Like all decisions, you should weigh your loved one’s burial options carefully, considering his or her final resting place is where you’ll memorialize them for years to come.

While there’s no right or wrong choice when it comes to burial, some options may be more fitting for your loved one than others.

Below, we explore the various types of burial options, including above and below ground.

1. In-Ground Burial

In-ground burial is one of the most traditional types of burial, typically involving a casket and plot. However, in-ground burial can also apply to cremated remains.

Many cemeteries require you to purchase a vault or liner to protect the container (casket or urn) from sinking.   

While not required, most families who choose in-ground burial also purchase a memorial marker or monument for the gravesite. This allows surviving family members and friends to visit the memorial.

If you choose in-ground burial, you may request a group plot to memorialize other family members alongside your loved one. 

Costs vary depending on the products purchased, but a typical burial plot in Ohio is around $1,200.   

2. Private or Public Mausoleum

Other burial options include above ground private or public mausoleums.

Mausoleums are typically climate-controlled buildings, where families can visit to spend time with their loved ones. Typically, the deceased is entombed behind granite or marble walls in crypts or niches with the name engraved in the stone to mark each specific burial location.

A private mausoleum may be a standalone building that is reserved for you and your family, whereas a public mausoleum is a larger building that memorializes multiple individuals who purchase space inside.

The average cost of mausoleums can range between $3,000 and $5,000 for a public mausoleum, and $25,000 and $50,000 for a private mausoleum.

3. Lawn Crypt

Lawn crypts differ from traditional in-ground burial methods because they’re built with specific features to protect the casket from outside elements. They’re installed underground in an excavated area with a water drainage system directly below the structure to keep the casket clean and dry. Usually made of strong concrete materials, they often have heavy lids reinforced by steel rebar. They’re then covered with soil and grass, so the structure blends into the environment.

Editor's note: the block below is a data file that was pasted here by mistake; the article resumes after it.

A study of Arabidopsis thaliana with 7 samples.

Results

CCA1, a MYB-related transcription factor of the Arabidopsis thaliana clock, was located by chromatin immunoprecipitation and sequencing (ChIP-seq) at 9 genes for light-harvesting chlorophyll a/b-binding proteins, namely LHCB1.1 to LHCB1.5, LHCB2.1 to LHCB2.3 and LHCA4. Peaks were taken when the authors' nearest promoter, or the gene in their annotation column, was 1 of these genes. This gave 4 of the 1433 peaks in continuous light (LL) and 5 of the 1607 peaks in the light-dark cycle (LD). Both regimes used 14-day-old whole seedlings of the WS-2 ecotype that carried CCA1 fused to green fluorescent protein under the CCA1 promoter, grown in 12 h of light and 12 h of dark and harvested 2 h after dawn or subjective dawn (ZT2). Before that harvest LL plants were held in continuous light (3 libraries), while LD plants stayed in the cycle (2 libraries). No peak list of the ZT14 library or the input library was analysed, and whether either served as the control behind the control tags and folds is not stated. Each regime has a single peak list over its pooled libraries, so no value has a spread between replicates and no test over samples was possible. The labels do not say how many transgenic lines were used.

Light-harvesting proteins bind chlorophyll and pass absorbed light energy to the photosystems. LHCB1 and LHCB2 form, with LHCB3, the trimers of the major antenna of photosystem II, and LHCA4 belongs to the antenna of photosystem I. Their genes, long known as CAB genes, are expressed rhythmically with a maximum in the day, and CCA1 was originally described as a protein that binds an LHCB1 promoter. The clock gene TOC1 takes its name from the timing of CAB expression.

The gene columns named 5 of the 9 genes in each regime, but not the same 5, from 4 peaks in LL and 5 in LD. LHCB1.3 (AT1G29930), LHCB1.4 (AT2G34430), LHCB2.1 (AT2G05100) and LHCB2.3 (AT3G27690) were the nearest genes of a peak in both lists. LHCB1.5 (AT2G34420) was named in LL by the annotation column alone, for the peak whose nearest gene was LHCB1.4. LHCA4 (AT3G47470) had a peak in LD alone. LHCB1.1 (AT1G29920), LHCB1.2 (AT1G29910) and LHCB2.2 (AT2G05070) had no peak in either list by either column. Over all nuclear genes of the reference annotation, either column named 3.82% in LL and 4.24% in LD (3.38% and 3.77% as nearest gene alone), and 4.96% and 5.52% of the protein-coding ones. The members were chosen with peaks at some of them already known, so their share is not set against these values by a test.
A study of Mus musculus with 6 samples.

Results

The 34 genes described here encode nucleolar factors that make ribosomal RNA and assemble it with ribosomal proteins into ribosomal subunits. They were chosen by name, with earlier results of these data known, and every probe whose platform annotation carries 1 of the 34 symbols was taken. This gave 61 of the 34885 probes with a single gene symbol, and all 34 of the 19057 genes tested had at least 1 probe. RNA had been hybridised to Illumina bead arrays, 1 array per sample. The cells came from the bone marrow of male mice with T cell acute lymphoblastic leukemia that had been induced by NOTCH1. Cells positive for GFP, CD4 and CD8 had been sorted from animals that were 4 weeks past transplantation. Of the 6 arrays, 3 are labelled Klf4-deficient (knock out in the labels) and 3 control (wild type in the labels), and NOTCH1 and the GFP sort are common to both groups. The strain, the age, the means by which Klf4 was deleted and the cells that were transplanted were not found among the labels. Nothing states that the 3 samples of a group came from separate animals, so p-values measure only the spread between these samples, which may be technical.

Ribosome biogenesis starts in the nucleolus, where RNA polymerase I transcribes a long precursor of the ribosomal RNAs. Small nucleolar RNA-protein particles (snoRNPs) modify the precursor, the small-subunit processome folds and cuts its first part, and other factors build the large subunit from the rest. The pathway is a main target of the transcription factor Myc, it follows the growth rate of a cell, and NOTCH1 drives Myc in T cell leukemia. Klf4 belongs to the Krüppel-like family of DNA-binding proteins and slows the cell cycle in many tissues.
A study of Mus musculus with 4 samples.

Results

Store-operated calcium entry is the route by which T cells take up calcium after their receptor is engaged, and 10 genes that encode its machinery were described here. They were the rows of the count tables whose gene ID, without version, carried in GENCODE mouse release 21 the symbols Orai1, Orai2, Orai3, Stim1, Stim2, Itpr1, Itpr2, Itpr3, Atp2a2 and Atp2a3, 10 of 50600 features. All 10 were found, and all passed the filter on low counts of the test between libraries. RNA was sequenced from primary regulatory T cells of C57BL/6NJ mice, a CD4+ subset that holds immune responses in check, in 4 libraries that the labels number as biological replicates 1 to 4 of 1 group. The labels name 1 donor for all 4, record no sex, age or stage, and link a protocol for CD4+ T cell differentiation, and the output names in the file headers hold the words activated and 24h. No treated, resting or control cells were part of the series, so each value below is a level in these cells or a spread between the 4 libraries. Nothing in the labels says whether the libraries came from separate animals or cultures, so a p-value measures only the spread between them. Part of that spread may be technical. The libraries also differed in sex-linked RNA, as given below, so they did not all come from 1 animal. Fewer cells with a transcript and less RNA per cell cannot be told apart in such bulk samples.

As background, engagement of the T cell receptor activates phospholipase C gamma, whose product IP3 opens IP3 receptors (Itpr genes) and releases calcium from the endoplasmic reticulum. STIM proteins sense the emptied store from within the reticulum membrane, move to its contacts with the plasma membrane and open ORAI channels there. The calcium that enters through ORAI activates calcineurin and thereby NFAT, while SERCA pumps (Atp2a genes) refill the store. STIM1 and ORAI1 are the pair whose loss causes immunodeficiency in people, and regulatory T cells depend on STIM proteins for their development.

Although lawn crypts are available for one person, they’re generally designed for two or more people, with the caskets placed horizontally inside.

While a single lawn crypt is cheaper than a double, you can expect to pay anywhere between $2,000 and $10,000.

4. Green Burial

Green burial is growing in popularity, as it aids in the conservation of natural resources, and the restoration and preservation of habitat.

This non-evasive, eco-friendly practice is free of toxic chemicals and fluids that are commonly used with earth burials. It requires that products be constructed from plant-derived, natural, animal, or unfired earthen materials to preserve and steward land.

Green burial uses biodegradable adornments, caskets, containers, liners, urns, shells and shrouds to allow the body to decompose naturally. This type of burial does not use heavy equipment or machinery for digging the gravesite. Instead, the gravesites are dug by hand.

If interested in green burial, you’ll want to look into certified providers in your area. Ohio is home to conservation, hybrid and natural burial grounds, cemeteries and preserves.

Green burial prices can flex up or down given the services selected, but range anywhere between $500 and $4,000.

Record Your Burial Preferences When You Preplan

Knowing there are many decisions to make following a death, you can lift the emotional and financial burden from your family by preplanning. When you preplan, you can signify your preferences for burial or cremation, so your family doesn’t have to decide for you. If you’re interested in preplanning, we encourage you to download the Seniors’ Guide to Funeral Arrangements. Our guide explains what preplanning is, and offers insights on the benefits of arranging ahead of time.

Jim Busch
Owner and president of our firm. Fourth generation funeral director and certified crematory operator, Jim is guided by his principles in faith, family and friends. He loves to hear feedback from our families. Proudly serving Busch families since 1986.